Beijing: At least three prominent labour activists have been arrested in southern China, it was reported today, sparking concern the Communist party is ramping up a sweeping crackdown on rights groups. Zeng Feiyang, director of labour rights group the Panyu Workers’ Centre, and activist Zhu Xiaomei were both placed under criminal detention Friday, Hong Kong-based non-governmental organisation China Labour Bulletin (CLB) reported.
CLB said Zhu Xiaomei has a one-year-old baby girl who has never been separated from her mother. Another local activist, He Xiaobo, was detained earlier on Friday, CLB said. Chinese NGO Weiquanwang (Rights Defence Network) reported that He worked with an organisation which helps workers suffering from occupational injuries.
He was accused of “misappropriation (of funds) as part of his duties”, reported Chinese business magazine Caijing. Zeng has been helping workers in the southern province of Guangdong win payment of wages and unpaid benefits in disputes against employers. Both Zeng and Zhu are accused of illegally “gathering a crowd to disturb social order”, according to Weiquanwang. Such charges are often invoked by the authorities against those it considers troublemakers.
Independent trade unions are banned in China, with only the official All-China Federation of Trade Unions legally recognised. However, critics say it often fails to assist workers in disputes.
“This campaign of arrests against groups of workers’ rights activists in Guangdong is unprecedented,” CLB spokesman Geoffrey Crothall told AFP, adding it was “very alarming”. “But the authorities will not solve any problems by putting these activists in jail. This will only aggravate the distress and discontent of workers.”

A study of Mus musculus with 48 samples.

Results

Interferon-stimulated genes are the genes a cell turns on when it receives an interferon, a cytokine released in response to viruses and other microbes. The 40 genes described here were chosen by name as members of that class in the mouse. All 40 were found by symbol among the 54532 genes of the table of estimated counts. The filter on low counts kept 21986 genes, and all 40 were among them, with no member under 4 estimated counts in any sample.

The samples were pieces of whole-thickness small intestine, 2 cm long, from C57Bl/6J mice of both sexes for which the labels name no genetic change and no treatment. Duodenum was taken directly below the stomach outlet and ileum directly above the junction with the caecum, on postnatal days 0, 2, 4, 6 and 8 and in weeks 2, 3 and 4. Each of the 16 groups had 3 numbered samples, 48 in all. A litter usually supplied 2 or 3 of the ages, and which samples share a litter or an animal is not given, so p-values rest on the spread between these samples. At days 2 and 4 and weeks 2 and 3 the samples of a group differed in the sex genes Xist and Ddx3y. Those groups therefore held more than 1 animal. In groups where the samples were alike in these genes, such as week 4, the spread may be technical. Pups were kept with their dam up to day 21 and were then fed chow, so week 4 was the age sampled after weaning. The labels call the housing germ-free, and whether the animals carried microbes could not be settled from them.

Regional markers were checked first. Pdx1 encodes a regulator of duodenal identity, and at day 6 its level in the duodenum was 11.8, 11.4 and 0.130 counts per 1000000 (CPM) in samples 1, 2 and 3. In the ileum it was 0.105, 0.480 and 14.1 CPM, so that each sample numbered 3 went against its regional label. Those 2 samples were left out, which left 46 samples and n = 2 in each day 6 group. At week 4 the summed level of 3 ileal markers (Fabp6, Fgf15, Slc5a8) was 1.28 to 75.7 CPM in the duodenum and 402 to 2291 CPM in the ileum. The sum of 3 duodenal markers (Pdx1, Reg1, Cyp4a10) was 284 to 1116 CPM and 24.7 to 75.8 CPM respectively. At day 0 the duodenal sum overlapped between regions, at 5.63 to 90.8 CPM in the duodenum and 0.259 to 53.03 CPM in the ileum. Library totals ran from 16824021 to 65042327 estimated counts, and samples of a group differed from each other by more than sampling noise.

The crackdown comes as Guangdong, one of China’s richest provinces, confronts growing economic challenges as many factories in the manufacturing hub of the Pearl River Delta close or relocate to cheaper Chinese provinces — or countries such as Vietnam where labour costs are lower.
Workers are often left with unpaid wages and no redundancy pay. The detention of the three activists was part of a wider operation and the fate of four others — Peng Jiayong, Meng Han, Deng Xiaoming and Bei Guo — remains unknown, CLB reported.
One man taken in by the authorities, Huihai Chen — a lawyer leading an employee legal support network — told AFP he had been detained by police but declined further comment, saying the matter “remained under judicial control”.
Since President Xi Jinping came to power in 2013, Beijing has taken a harder line towards rights groups. Xi has overseen a crackdown on dissent that has seen hundreds of lawyers, activists and academics detained in recent years, with dozens jailed.